The Apostle Paul indicates that contentment is the state of mind in which a Christian should operate. After God denied his prayer to have his “thorn in the flesh” taken away, Paul writes to the Corinthians:
“Therefore I am well content with weaknesses, with insults, with distresses, with persecutions, with difficulties, for Christ’s sake; for when I am weak, then I am strong.” (2 Corinthians 12:10, NASB)
In Philippians 4:11, Paul indicates that contentment is a learned behavior. No matter what his circumstances, Paul would be content in the knowledge that God is in control and working things out for the advantage of his mission to preach the Gospel. Paul encourages his protégé Timothy to similar behavior when he writes:
“But godliness actually is a means of great gain when accompanied by contentment. For we have brought nothing into the world, so we cannot take anything out of it either. If we have food and covering, with these we shall be content.” (1 Timothy 6:6–8, NASB)
But not satisfied
On the other hand, Paul expresses a desire to advance, to change, to make things better. In Philippians 3 he speaks of “pressing on” to describe his lack of satisfaction. Paul describes his desire to climb higher in his spiritual life:
“Brethren, I do not regard myself as having laid hold of it yet; but one thing I do: forgetting what lies behind and reaching forward to what lies ahead, I press on toward the goal for the prize of the upward call of God in Christ Jesus.” (Philippians 3:13–14, NASB)
We can also see Paul’s dissatisfaction with his progress in his spiritual life when we read Romans 7. At one point in the chapter Paul cries out, “Wretched man that I am! Who will set me free from the body of this death?” (Romans 7:24, NASB) We do not get any sense that Paul had arrived at a place where he should be satisfied in his spiritual state.
Was Paul content or was his dissatisfied? From the verses cited above the answer to this question has to be “both.” Paul was content but dissatisfied.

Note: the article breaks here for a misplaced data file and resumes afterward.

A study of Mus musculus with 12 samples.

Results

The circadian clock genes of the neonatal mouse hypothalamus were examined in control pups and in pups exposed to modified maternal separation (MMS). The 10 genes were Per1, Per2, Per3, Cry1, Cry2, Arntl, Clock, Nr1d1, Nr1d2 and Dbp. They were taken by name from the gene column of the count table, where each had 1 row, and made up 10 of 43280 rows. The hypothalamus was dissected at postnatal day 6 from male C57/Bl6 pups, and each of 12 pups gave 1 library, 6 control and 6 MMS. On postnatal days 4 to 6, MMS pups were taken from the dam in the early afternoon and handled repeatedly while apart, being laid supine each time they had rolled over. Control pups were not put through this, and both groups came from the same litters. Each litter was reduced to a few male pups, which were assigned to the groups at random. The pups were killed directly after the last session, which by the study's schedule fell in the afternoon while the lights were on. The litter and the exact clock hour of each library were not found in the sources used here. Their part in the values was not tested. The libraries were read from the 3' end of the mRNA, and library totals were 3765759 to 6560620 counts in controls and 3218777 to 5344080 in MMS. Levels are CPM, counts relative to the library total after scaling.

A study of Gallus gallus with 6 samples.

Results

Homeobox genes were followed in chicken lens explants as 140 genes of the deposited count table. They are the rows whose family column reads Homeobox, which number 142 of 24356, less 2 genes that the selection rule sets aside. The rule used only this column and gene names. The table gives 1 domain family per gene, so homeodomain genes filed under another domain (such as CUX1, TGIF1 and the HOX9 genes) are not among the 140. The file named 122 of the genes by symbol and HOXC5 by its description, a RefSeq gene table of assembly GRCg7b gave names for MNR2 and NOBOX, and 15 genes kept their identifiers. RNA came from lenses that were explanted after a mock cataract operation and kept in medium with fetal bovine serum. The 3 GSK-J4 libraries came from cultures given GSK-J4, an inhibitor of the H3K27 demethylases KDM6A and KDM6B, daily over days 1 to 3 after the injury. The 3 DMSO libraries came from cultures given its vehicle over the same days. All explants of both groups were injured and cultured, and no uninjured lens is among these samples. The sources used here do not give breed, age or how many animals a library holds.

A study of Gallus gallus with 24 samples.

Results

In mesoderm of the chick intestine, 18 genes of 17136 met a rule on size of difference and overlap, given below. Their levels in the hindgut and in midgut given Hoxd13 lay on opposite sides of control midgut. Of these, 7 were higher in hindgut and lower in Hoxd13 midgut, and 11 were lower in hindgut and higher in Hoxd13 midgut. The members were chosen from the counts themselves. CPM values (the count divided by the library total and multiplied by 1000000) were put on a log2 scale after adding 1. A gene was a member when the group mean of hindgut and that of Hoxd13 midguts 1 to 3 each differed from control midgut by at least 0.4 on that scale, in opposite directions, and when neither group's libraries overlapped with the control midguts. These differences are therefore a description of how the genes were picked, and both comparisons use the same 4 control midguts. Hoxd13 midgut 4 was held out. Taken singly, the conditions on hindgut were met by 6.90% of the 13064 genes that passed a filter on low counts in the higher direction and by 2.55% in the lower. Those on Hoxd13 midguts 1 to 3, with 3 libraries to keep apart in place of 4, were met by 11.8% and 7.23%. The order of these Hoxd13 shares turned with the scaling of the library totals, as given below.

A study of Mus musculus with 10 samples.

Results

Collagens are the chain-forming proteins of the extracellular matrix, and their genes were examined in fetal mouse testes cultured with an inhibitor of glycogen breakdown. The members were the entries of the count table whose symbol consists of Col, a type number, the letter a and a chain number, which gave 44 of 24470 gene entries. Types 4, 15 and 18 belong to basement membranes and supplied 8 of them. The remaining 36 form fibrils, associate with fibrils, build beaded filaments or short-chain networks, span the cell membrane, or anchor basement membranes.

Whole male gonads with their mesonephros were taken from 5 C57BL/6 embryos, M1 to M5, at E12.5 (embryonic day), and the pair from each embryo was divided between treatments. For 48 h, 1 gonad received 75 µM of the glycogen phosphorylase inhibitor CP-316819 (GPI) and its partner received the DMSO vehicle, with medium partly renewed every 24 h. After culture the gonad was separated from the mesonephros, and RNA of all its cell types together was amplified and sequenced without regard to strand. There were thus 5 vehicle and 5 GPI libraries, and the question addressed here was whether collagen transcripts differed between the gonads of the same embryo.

Is Paul conflicted or is there some other way of understanding what is going on? I believe it is the latter and this understanding can be applied it to our own lives.
With regard to his physical circumstances (who he was with, his food, his clothing, his travel schedule, the rigors of fulfilling his mission) Paul was content that God was in control. The oft quoted Romans 8:28 is an indication of this. Nothing about his circumstances would deter Paul from the completion of his mission. Paul did not get bogged down in self-pity when things were difficult.
On the other hand, with regard to the things of God, Paul was discontent or dissatisfied. He was not satisfied with his own progress in true holiness. Paul was not satisfied that he had done enough for the spread of the Gospel. Paul was not content to allow people to go into eternity without having heard the good news of Jesus Christ.
Too often, I have this backward. I am often dissatisfied in my physical circumstances and complacent regarding my holiness and mission. My dissatisfaction stems from being self-absorbed and focused on the wrong things.
By God’s grace and through his power, I choose to realign my contentment and dissatisfaction to follow the example of Paul.